To truly understand what makes the solar wind tick, heliophysicists must analyze the minuscule features on the sun's surface that help accelerate the star's charged particles out through the solar system. And to perform that task with better precision, they need better ways of seeing in ultraviolet.
Enter a technology called the photon sieve: a sort of lens that helps subtly bend ultraviolet light toward a camera. To be clear, a photon sieve is no ordinary lens; it is a cutting-edge work of engineering only possible with the most modern techniques. Sun-facing spacecraft later this decade are expected to go into Earth's orbit with photon sieves in their arsenal.
A photon sieve looks like a honeycomb, its hexagonal structure supporting a thin membrane of silicon or niobium. The membrane is thin indeed: NASA engineers have developed sieves as thin as 100 nanometers, which is about one-thousandth the width of a human hair. The thinner the sieve, the more light it can transmit.
NASA's sieves are also pockmarked with concentric circles of tiny holes. The largest is at a sieve's center, with every following ring going outward getting smaller, with their holes decreasing in size as well At their smallest, the perforations can be as tiny as 20 micrometers across. That's about the size of a bacterium. "It's a sheer physical challenge to construct sieves with such precision," Doug Rabin, a heliophysicist at NASA's Goddard Space Flight Center, said in a statement.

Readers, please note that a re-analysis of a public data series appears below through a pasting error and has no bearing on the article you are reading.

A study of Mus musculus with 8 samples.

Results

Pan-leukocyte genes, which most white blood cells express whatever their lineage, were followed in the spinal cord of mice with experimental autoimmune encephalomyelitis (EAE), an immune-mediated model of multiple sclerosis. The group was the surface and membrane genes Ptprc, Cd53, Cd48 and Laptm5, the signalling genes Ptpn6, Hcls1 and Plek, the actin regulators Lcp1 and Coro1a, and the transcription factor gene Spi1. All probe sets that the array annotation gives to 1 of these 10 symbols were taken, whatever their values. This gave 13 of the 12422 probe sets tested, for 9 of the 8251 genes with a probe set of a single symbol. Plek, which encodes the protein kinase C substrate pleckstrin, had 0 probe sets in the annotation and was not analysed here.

This setup allows a sieve to act like a lens, refracting the ultraviolet light passing through and bending it so that a camera behind it can see more detail.
Photon sieves are engineered to see in extreme ultraviolet (EUV), which has shorter wavelengths and higher energy than other types of ultraviolet light. Today's sun observatories, such as the Solar Dynamics Observatory (SDO), already watch our star's EUV light. But a future observatory with a photon sieve could resolve the fine details in EUV with 10 to 50 times more precision than SDO can manage today.
A 250-micrometer-thick-membraned sieve will go up on the Virtual Super Optics Reconfigurable Swarm (VISORS), for instance, expected to launch in 2024. Another sieve is planned to fit into the Multi-slit Solar Explorer (MUSE), presently scheduled for 2027.